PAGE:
Wednesday, November 10, 2010

about those cute cartoon mascots

There are countless examples everywhere you look -- the walking cigarette (smoking a cigarette), the barber pole running with scissors, the smiling tooth outside the dentist's office. Check out this book to see hundreds more.

And now the Japanese affinity for anthropomorphism is being taken to a whole new level.

From today's Asahi Shimbun:


By Keishi Nishimura, Staff Writer

From ancient times, personification has played a major role in Japanese culture.

The Choju-giga (animal caricatures) picture scrolls that portray anthropomorphized animals are believed to have been drawn during the 12th to the 13th centuries.

In modern times, giving human properties to inanimate objects is as common as Mickey Mouse, or, more locally, Anpanman.

But somewhere along the way, anthropomorphism took on a life quite unexpected: Now characters are being created to portray subway stations, a town--and even charcoal.

Representative of this trend are the characters from "Miracle Train," an anime that features a group of handsome men, each of whom represents a Tokyo subway station.

Each character has his own personality traits and back story that reflect the characteristic features and history of the stations and surrounding areas, along with other trivium.

The characters were created by the Miracle Train Seisaku (production) Project, a group of four women who work at an IT firm. One of the members, who is a railway fan, came up with the idea. She said she wanted to make everyone feel closer to train stations they use on a daily basis.

The group started posting manga and short stories on a website. An animated TV series based on the characters went on air in 2009 after an anime production company fell in love with the concept.

Before the anime was aired, train cars for the Toei Oedo Line were decorated with life-size decals featuring the anthropomorphic characters.

About 90 percent of "Miracle Train" fans are female, ranging from teenagers to those in their 40s. Some even organize tours on their own to visit the subway stations.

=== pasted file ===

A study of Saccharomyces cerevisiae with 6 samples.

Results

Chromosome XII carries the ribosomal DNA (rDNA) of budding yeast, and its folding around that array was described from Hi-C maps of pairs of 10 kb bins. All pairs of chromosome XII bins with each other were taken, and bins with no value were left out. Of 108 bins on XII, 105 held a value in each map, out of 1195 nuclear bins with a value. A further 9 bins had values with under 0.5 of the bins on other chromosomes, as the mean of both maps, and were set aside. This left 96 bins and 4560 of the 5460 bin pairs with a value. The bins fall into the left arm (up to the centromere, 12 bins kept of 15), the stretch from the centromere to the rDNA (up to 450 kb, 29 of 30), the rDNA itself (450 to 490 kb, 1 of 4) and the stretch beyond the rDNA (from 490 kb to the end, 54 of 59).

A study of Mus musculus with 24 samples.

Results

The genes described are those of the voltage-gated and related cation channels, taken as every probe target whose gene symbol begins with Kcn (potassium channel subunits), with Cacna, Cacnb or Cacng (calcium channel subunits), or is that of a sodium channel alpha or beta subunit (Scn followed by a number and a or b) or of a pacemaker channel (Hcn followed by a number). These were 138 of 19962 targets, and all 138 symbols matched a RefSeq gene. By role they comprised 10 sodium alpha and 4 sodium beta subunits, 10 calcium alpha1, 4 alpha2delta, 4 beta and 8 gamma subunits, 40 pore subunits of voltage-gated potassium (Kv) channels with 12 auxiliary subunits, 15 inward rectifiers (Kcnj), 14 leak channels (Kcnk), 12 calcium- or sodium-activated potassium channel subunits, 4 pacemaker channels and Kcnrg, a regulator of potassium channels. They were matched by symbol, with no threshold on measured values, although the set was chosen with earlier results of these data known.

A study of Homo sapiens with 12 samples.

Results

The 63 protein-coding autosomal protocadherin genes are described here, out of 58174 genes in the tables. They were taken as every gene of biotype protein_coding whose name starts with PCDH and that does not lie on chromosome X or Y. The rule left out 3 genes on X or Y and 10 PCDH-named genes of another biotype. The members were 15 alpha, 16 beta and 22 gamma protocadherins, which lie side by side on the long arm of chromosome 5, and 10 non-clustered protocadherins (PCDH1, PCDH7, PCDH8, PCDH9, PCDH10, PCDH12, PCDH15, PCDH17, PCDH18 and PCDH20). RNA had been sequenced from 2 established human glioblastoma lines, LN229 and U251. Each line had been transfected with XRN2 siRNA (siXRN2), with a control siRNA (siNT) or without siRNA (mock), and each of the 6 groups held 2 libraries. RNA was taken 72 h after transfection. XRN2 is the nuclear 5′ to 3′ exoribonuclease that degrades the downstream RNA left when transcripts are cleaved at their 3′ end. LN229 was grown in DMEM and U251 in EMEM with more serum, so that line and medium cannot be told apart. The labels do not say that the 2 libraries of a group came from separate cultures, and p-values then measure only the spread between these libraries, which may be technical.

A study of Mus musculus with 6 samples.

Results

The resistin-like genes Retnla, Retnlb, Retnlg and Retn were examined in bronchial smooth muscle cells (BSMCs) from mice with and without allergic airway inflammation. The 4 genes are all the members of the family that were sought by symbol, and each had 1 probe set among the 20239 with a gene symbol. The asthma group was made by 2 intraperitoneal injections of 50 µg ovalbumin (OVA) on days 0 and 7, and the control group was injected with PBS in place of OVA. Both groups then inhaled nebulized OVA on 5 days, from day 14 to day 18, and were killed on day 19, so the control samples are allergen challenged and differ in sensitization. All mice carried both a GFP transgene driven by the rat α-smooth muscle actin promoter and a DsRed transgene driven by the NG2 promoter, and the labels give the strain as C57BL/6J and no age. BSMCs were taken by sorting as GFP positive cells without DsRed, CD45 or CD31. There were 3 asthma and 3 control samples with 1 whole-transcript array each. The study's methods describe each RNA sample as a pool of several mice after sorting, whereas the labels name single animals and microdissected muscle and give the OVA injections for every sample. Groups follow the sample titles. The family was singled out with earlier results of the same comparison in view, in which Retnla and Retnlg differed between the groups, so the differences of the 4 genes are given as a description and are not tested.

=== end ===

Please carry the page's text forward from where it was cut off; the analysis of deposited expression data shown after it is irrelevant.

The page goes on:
"I think that the project has been well-received because people can learn about the stations as they are escorted by the characters," said Miyuka Kidachi, a project member in charge of publicity.

A similar project is under way in Tottori Prefecture. A drama titled "Ashitamo Kokode" (Here again tomorrow) features a story revolving around a group of four handsome anthropomorphic male characters who represent different areas in the central part of the prefecture. Each character has its own personality traits based on the area they represent.

The civic group LOHAS Togo was commissioned by the Yurihama town office to produce 1,000 copies of a CD on the drama. They put the anime on sale in anime shops in Tokyo and bookstores in the prefecture in April.

Of them, 500 copies were sold, with many of the buyers being women in their teens to 30s.

"It made me want to visit the places, so I'm planning to go on a trip," a 21-year-old woman in Tokyo said.

The civic group is now planning to design personified characters based on Nijusseiki brand pears for the second installment of the project.

According to Yu Ito, a 36-year-old researcher at Kyoto International Manga Museum in Kyoto's Nakagyo Ward, personification is deeply rooted in Japanese culture.

From karakasa obake (spirit of parasol) in ancient times to Anpanman, a cartoon character based on an anpan sweet bun, Japanese have been familiar with anthropomorphic characters based on animals and objects who act as humans.


But "the latest trend of personification is characterized by the fact that characters leave no traces of the forms upon which they are originally based and completely take on human forms," Ito said.

Ito added that this trend has been set by Bincho-tan and her friends--a group of cute girlish characters representing Japanese bincho charcoal first introduced over the Internet in or around 2004.

In 2003, an illustrator at Alchemist, a game publisher based in Tokyo's Koto Ward, conceived the idea for Bincho-tan. When he was playing with words, he thought of tan, a diminutive suffix originating from chan that is used to describe an endearing person. "Tan" also means charcoal in Japanese.

The illustrator then came up with illustrations of Bincho-tan and her friends, which were later posted on the company's Web site. The characters became wildly popular and were turned into a manga series.

The following year, the Minabegawa forestry cooperative in Minabe, Wakayama Prefecture, decided to use the characters as mascots for the organization. The town is home to Kishu binchotan charcoal producers.

They once organized a hands-on experience tour involving tree planting and charcoal making to celebrate the DVD release of the animated series.

Then, the organization took reservations for the tour of a maximum of 50 participants in just a matter of several minutes.

Anime fans who are mainly in their 20s continue to visit Minabe on weekends and holidays.

Bincho-tan, an anthropomorphic character representing charcoal, serves as the mascot for a local forestry cooperative in Minabe, Wakayama Prefecture. ((c) Takahito Ekusa/Alchemist)

1 comment:

Sandra said...

Interesting! Don't think I've heard of Miracle Train before.
Check out (it might be the other way round?) if you haven't for tons of city and prefectural mascots!